Unraveling family patterns
After a 10-year estrangement, I am trying to have a relationship with my older sister (as children we were both molested by an uncle). We have never addressed how her affair with my husband ended my marriage. My husband abused me for five years. When I learned that he was molesting our 4-year-old daughter and having an affair with my older sister, I confronted him. He nearly killed me. It gave me the courage to divorce him and leave the state with my children. He kidnapped them and made my daughter believe that I didn’t love her. She still believes that. I have asked my sister to tell my daughter about my ex-husband’s abuse. My sister said that she does not want to ruin her relationship with my daughter or her own children by confessing the past. Do you think that I am asking my sister for too much?
The request is acceptable, but now you must accept your sister’s refusal. Even if she talked to your daughter, there’s no guarantee your daughter would change. Believing otherwise is a setup. It invites you to hold your sister responsible for repairing the broken mother-daughter relationship. It also invites you to blame your sister for the continued estrangement. She becomes a scapegoat.
Are you repeating a family pattern? For example, in childhood, you may have hoped that your older sister would protect you from the uncle who molested you both. Perhaps you expected her to tell the truth about his behavior. But in reality, you reported the crime (according to your original letter to me). Since your older sister did not protect you then, what inspires you to believe that she will now? Remember that when life repeats itself, our role is to respond differently.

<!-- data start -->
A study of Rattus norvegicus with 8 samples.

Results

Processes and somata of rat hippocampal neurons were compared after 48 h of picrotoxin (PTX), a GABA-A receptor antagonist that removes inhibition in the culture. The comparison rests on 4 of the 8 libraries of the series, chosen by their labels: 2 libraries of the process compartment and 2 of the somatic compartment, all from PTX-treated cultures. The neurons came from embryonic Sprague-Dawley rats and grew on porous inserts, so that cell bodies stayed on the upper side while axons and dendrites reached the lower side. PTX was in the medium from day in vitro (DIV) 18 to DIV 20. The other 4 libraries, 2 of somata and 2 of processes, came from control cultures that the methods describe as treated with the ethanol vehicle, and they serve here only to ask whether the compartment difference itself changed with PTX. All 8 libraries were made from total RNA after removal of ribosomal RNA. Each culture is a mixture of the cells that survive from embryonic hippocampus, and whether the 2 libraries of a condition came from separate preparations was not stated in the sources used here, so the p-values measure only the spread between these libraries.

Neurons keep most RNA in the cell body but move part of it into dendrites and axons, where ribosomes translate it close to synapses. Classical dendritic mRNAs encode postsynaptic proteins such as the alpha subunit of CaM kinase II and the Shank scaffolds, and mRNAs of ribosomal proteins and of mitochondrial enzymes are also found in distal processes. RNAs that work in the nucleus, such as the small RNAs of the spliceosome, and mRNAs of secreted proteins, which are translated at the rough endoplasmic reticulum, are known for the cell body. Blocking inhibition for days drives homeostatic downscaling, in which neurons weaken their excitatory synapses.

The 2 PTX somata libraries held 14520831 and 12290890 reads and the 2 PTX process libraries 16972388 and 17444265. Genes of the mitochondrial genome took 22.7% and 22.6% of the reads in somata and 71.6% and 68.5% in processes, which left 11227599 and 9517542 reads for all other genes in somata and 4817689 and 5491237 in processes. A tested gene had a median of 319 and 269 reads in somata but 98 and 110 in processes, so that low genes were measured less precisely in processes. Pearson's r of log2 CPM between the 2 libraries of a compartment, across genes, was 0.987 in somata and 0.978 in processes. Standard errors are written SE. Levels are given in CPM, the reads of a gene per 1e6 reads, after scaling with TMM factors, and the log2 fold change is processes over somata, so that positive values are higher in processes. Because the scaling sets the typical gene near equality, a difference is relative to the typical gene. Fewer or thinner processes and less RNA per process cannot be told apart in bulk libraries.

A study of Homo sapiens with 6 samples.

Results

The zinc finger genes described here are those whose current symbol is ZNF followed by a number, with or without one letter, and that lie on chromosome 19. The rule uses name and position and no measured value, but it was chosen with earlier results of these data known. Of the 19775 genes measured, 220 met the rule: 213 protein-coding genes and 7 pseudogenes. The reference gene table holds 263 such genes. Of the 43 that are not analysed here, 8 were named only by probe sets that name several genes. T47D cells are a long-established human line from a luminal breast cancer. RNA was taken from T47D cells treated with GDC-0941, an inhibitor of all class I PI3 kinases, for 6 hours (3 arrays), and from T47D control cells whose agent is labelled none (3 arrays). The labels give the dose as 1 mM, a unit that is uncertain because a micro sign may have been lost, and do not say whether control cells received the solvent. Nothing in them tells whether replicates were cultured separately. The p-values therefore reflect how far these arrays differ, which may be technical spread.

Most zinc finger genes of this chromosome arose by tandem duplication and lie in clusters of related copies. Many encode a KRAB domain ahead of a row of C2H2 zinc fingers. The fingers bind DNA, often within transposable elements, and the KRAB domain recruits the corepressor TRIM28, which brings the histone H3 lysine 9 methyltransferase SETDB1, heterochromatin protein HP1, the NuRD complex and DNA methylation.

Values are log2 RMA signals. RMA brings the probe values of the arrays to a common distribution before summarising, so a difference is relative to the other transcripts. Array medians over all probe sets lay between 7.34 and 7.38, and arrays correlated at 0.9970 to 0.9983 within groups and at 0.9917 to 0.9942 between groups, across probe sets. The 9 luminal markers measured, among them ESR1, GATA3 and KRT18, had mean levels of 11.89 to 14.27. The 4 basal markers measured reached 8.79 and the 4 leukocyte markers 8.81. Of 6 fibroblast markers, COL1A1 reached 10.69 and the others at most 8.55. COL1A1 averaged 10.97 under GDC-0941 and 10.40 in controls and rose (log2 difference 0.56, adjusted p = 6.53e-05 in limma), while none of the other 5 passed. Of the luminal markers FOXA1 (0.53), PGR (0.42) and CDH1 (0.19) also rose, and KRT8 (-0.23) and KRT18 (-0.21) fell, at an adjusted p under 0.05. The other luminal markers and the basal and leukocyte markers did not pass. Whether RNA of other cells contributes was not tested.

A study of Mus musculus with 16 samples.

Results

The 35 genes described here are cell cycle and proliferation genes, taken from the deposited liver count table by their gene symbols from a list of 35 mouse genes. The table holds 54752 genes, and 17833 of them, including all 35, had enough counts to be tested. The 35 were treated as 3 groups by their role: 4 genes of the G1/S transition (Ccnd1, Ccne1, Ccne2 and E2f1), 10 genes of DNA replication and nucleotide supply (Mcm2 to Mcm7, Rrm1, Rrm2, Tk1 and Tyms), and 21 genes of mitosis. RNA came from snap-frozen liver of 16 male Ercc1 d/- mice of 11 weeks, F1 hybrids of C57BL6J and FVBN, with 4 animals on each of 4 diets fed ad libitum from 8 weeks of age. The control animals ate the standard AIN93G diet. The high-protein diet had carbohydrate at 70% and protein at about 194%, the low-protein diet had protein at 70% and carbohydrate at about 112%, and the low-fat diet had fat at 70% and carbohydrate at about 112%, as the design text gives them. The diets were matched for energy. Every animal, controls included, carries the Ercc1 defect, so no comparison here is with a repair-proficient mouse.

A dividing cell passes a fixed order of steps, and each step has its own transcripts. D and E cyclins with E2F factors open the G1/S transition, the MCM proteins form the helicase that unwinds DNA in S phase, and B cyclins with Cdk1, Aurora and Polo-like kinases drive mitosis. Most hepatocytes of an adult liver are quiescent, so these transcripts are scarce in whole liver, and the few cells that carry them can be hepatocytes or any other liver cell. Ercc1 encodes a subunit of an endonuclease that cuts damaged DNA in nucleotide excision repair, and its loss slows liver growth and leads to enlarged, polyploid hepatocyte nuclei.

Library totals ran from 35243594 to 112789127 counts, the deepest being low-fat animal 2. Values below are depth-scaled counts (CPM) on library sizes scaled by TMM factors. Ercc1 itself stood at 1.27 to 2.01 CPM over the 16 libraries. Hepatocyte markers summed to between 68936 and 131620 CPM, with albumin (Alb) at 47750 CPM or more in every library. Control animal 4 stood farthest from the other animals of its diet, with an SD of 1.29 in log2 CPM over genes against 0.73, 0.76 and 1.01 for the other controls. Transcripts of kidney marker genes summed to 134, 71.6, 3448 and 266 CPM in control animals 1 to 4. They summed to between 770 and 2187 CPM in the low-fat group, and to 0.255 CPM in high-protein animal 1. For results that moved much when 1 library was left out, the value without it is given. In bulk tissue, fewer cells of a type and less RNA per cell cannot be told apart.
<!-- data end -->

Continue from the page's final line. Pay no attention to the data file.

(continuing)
I support your desire to talk to your sister about her betrayal, but let’s be clear: The affair did not end your marriage. It ended the moment abuse began. It’s important to have compassion, though, because your sister unconsciously repeated the childhood pattern of abuse: illicit sex with a shared partner.
In the sixth grade, I was teased by students, parents and teachers because I had no boobs. It really lowered my self-esteem. In high school, I began to accept myself. But now, at 15, I compare myself to other girls and feel bad. My mother says that I am perfect the way I am. My boyfriend says that I am beautiful and that I shouldn’t compare myself to others by bust size. How I can better accept myself?
Emphasize your uniqueness as a beauty trait in much the same way that Barbra Streisand gloried in her unconventional nose. Also consider that, culturally, breasts are symbols of comfort for infants. As our country becomes more fear-based, the societal fixation on breasts increases. So, notice, for yourself, what thought or emotion precedes your cycles of comparison. For example, let’s say a teacher calls on you in class, and you’re embarrassed because you don’t know the answer. A minute later, you’re comparing your breasts to another’s and feeling worse. Then, you take your concern to your boyfriend or mom and he or she reassures you. It’s a lengthy process to get what you need. Instead, use self-talk to go directly to the reassurance when the incident first occurs: “It’s OK to not always know the answer. I’m smart. I’ll study and be prepared tomorrow.” The more you actively self-soothe, the less you will need a symbol to drive you toward the reassurance of others.